Gerard Butler, RocknRolla

At Thursday’s presentation for Guy Ritchie’s RocknRolla and Joel SIlver’s Dark Castle Films, young girls, moms, and even a woman wearing a blue dress and a tiara over her blue hair went bonkers over Gerard Butler (pictured), who plays a low-life scam artist in RocknRolla. One young lady asked the 300 star for the craziest moment on the set; Butler responded with a story about how Madonna found out the actor was sick and ordered him to drop trou for a shot of B-12 in the bum. “It didn’t work at all,” Butler said, “because I got more sick.” Butler was the life of the panel, simultaneously happy and a bit embarrassed when fans called for him to take off his shirt or dubbed him “the world’s sexiest man.” He flirted back by tossing Hershey’s Kisses into the crowd.

Also on hand for the panel and official trailer viewing (which, for the record, beats any bootleg footage found online; they just finished it this week) were Ritchie, Jeremy Piven, Idris Elba, Ludacris, and producer Joel Silver. Ritchie described the film as “spillover from Lock, Stock and Snatch, and we wanted to give it a contemporary feel, so it was born out of enthusiasm. [I] was trying to reflect the changing cultural environment in the U.K. It’s a look into the underbelly of a subculture.” Later, a fan asked Ritchie, “The critics didn’t seem too kind to the past couple of films, I was just curious if there was pressure to go back to films that were as successful as your first two?” With a sense of humor, Ritchie interrupted the first half of the question with, “Hey, that’s not true, they liked them,” and the second half with, “Yup.”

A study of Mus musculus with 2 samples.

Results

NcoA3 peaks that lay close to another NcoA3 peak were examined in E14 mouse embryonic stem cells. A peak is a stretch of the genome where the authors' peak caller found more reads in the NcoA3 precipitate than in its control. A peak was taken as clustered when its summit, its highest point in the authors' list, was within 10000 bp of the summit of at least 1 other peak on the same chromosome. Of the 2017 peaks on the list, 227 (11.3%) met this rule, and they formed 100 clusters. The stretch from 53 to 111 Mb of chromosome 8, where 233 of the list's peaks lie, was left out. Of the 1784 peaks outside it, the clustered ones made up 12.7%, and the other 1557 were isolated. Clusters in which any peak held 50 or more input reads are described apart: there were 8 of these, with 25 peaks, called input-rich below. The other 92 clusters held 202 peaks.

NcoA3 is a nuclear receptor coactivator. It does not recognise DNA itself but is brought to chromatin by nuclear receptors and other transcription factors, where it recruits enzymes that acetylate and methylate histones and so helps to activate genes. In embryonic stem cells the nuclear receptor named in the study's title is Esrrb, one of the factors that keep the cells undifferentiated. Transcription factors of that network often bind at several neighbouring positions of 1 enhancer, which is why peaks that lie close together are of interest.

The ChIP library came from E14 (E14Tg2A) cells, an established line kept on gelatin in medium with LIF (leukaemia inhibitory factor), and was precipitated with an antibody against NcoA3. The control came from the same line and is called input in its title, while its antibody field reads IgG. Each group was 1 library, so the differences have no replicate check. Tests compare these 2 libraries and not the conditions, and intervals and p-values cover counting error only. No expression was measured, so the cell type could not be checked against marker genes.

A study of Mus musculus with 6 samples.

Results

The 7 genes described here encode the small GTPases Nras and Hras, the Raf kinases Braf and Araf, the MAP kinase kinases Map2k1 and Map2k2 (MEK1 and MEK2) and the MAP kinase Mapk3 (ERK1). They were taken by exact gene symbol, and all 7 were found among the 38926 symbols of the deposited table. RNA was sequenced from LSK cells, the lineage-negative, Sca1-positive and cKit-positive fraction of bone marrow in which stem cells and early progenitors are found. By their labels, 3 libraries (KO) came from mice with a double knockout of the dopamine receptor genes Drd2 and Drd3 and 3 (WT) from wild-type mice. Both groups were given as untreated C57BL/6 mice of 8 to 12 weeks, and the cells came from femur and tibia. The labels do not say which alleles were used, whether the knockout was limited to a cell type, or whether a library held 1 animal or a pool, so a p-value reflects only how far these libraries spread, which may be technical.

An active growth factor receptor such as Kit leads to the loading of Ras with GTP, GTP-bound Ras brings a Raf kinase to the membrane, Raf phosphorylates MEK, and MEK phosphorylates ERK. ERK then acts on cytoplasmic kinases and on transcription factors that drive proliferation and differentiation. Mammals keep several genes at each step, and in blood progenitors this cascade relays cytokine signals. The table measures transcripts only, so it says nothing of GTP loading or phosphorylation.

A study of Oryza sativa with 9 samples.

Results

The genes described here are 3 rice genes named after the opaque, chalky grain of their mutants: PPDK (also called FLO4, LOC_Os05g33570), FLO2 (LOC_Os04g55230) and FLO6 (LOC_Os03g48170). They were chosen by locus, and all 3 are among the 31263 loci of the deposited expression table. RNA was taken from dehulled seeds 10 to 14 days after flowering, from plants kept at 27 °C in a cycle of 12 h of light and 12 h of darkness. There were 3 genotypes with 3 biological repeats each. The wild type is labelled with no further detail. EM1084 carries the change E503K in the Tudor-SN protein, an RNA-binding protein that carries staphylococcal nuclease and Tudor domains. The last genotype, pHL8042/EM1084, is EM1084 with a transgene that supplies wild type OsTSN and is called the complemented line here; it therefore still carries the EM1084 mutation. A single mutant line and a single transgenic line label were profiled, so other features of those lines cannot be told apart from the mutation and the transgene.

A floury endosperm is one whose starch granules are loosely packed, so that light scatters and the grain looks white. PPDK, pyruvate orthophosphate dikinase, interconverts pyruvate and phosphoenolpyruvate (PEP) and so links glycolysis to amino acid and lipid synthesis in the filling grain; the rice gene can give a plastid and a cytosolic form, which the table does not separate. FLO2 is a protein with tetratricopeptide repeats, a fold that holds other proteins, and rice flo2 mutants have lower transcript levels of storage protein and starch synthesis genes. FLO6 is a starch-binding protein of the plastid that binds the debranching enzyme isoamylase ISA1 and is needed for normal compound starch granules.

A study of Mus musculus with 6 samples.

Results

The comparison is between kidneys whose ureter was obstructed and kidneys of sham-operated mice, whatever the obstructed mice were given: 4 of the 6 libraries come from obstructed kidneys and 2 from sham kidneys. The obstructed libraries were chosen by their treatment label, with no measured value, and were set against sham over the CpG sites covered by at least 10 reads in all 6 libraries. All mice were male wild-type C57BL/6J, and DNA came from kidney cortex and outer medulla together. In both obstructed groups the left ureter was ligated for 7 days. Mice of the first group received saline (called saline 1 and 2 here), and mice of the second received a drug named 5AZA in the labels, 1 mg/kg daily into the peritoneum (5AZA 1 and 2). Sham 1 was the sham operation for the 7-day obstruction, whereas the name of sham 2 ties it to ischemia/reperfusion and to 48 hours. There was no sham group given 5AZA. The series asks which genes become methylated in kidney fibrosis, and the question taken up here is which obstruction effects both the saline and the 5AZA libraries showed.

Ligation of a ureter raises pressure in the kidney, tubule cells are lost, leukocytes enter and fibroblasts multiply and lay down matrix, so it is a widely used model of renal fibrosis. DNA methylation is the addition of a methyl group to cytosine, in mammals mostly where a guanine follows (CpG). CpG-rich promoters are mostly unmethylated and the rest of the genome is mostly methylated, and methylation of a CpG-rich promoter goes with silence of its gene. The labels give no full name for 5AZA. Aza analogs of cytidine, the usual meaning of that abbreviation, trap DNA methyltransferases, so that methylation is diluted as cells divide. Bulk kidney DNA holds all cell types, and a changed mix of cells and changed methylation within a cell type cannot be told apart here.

Piven, who, you’ll recall, went to Comic-Con as Ari Gold inEntourage, was also a crowd pleaser. “This is the first time I’ve beenhere and I’m completely overwhelmed by everyone’s dedication andfocus,” he said. “I’m in honor of all of you and I celebrate each andevery one of you. I have no more chocolate left, but I will be takingmy shirt off.”

A few other Dark Castle projects were also presented by Silver. FIrst was a home video title due sometime next year, The Hills Have Run Red,a movie about making a movie about the most graphic slasher movie of alltime (follow that?) — except the fictional filmmakers become a part of it. Next was acomic-book project that could be adapted for film at some point, called The Ferryman by Marc Andreyko and Jonathan Wayshak, about what happens when you sell your soul to the devil. Then there was Whiteout, a thriller starring Kate Beckinsale due next year about a U.S. Marshall who has to solve Antarctica’s first murder. Also on tap: Orphan, a horror flick starring Peter Sarsgaard and Vera Farmiga; The Factory, starring John Cusack, about a serial killer who has abducted his daughter (due in 2010); and, finally, Ninja Assassin,a classic ninja tale directed by James McTeigue (V for Vendetta) and starring Rain, theKorean King of Pop, who, judging by the cries and screams of the girlsin the auditorium, may well be the Asian version of Justin Timberlake.